Milestone year for soprano Leah Crocetto

Staff Writer
Columbus Monthly

NEW YORK (AP) — Leah Crocetto was winding up her apprenticeship as an Adler Fellow at the San Francisco Opera four years ago when it came time for the program's final concert.

"She sang the big aria ("Tu puniscimi, O Signore") from 'Luisa Miller,'" recalled David Gockley, the company's general director. "And she knocked everybody for a loop."

On the strength of that performance, Gockley hired Crocetto to open the 2015-16 season in the role of Verdi's ill-fated heroine. She'll give the first of six performances on Sept. 11 alongside fast-rising tenor Michael Fabiano. What's more, Gockley told The Associated Press, she'll return to San Francisco next season as an even more illustrious Verdi heroine, the enslaved Ethiopian princess Aida.

These engagements mark a huge vote of confidence in a lyric soprano who, at age 35, seems on the brink of stardom. And they're not the only milestones in her path: As soon as she finishes "Luisa Miller," she'll hop on a jet to New York for her Metropolitan Opera debut as the devoted slave girl Liu in Puccini's "Turandot."

Crocetto talked with the AP about her blooming career in a telephone interview during a break from rehearsals in San Francisco.

AP: When did you first know you wanted to sing opera?

Crocetto: When I was in fifth grade, my mother took me to see 'Carmen' at Opera Lenawee, a small company in my hometown of Adrian, Michigan. I fell in love with the character of Micaela. She was so pure and good, and I just wanted to sing her music. At intermission, I told my mom that's what I wanted to do. When I heard her singing I heard myself.

AP: What led you to San Francisco?

Crocetto: I took a roundabout path. After school, I took time off singing cabaret and jazz in New York City. Then, because I couldn't earn a living, I auditioned for the Met chorus. I was rejected and told: 'You're not a chorus singer. We're going to be hearing much more from you in the future.' So I thought, 'OK, this man is telling me I'm good enough to be a star.' I'm thankful for that advice because I was ready to give up. So I auditioned for Merola (San Francisco Opera's summer training program), got in, and the rest spiraled upward.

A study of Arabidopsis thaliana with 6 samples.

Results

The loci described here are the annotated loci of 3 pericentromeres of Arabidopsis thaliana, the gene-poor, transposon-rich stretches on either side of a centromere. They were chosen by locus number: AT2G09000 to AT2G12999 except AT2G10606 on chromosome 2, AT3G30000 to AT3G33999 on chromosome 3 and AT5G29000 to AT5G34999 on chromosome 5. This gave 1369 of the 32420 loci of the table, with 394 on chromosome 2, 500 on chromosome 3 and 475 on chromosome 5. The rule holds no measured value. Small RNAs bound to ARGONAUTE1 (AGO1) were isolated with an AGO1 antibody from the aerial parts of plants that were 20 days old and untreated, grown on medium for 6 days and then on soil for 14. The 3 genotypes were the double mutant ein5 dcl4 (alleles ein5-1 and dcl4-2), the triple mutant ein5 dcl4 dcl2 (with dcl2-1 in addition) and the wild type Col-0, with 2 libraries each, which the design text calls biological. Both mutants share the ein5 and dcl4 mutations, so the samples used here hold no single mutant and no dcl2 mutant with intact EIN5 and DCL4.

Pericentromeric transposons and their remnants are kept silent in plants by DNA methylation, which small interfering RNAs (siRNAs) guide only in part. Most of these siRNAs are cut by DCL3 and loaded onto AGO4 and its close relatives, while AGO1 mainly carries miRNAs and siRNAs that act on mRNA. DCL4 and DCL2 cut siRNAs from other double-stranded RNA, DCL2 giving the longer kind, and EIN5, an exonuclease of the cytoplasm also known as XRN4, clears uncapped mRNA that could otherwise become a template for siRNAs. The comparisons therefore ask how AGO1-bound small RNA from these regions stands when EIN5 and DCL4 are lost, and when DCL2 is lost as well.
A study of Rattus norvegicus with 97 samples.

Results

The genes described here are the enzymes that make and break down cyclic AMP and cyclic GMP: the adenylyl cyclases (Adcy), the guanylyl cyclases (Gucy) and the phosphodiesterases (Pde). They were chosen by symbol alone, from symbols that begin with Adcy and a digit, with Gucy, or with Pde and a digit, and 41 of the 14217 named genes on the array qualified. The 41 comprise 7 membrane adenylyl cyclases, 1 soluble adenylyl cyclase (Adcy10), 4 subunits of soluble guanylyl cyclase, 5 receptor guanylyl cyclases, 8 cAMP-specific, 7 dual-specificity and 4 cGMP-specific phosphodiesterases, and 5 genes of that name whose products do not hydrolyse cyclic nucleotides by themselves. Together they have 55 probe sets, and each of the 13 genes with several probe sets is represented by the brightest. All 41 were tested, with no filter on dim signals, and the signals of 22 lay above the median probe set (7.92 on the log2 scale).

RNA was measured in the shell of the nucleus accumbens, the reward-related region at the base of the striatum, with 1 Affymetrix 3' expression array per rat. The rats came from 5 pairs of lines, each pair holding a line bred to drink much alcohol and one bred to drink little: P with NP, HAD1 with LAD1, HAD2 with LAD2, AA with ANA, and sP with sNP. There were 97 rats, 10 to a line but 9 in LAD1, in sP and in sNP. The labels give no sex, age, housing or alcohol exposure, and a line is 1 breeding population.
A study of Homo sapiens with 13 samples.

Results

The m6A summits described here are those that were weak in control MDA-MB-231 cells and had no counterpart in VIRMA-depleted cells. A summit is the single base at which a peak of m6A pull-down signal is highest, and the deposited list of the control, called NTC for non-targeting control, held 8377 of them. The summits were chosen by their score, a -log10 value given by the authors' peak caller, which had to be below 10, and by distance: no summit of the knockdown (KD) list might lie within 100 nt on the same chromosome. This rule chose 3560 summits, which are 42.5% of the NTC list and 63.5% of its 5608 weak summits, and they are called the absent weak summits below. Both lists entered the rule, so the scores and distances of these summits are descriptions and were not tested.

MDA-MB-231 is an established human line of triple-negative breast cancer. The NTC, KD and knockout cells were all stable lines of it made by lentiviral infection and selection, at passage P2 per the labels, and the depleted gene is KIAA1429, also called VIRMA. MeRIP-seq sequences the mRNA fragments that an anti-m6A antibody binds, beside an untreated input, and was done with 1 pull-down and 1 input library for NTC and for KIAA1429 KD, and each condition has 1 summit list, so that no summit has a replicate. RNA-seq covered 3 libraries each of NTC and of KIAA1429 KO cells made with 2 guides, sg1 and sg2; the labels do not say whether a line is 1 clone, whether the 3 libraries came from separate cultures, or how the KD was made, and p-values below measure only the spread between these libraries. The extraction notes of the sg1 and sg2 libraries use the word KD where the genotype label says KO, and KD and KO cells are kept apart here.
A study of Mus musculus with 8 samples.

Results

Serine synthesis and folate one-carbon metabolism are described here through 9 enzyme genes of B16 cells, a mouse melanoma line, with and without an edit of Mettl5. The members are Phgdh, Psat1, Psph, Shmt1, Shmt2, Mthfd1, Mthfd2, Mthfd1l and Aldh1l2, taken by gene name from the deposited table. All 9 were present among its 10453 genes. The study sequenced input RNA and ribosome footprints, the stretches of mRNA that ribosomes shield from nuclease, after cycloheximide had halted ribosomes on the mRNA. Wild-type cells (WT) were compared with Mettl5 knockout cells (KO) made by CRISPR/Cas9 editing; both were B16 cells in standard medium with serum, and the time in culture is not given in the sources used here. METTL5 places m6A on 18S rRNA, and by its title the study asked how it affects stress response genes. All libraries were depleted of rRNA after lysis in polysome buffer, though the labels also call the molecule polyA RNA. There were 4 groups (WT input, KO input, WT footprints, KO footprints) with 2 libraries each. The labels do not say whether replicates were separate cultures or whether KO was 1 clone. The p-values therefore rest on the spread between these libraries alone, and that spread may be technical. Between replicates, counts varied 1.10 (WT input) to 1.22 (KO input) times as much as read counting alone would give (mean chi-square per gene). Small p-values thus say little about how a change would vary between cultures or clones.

AP: How would you describe your voice?

Crocetto: My voice still sits very high. It's big, yes, but it's very high and flexible. Bel canto is perfect for my voice. I'm still doing Rossini, singing my first 'Semiramide' this season in Bordeaux, France. So at this point I'm definitely a lyric. I think when I start taking on the more dramatic roles it will become more of a spinto (a vocal category between lyric and dramatic). The heaviest role I've done so far is Elisabetta (in Verdi's 'Don Carlo' at Opera Philadelphia last spring). I said 'yes' because of the size of the theater and I wanted to try it. Vocally, it was OK, but there's definitely room to grow for me. It's a mammoth thing. But then that final scene, it's floaty and high, which is exactly what my voice likes to do.

AP: If you had to pick, which is the bigger deal for you — opening the season in San Francisco, or making your Met debut?

Crocetto: Oh, gosh, you know I think they're pretty parallel. I think they're even. I feel so much responsibility to the San Francisco Opera, it's full circle for me, coming here and opening the season. I need to make a lot of people proud. Then you think about the Met, and I won the Met competition (the National Council Auditions in 2010), and they put me in front of a lot of people as well. It's been a dream my whole life to sing at the Met. I ... just can't answer that. Ah, diplomacy!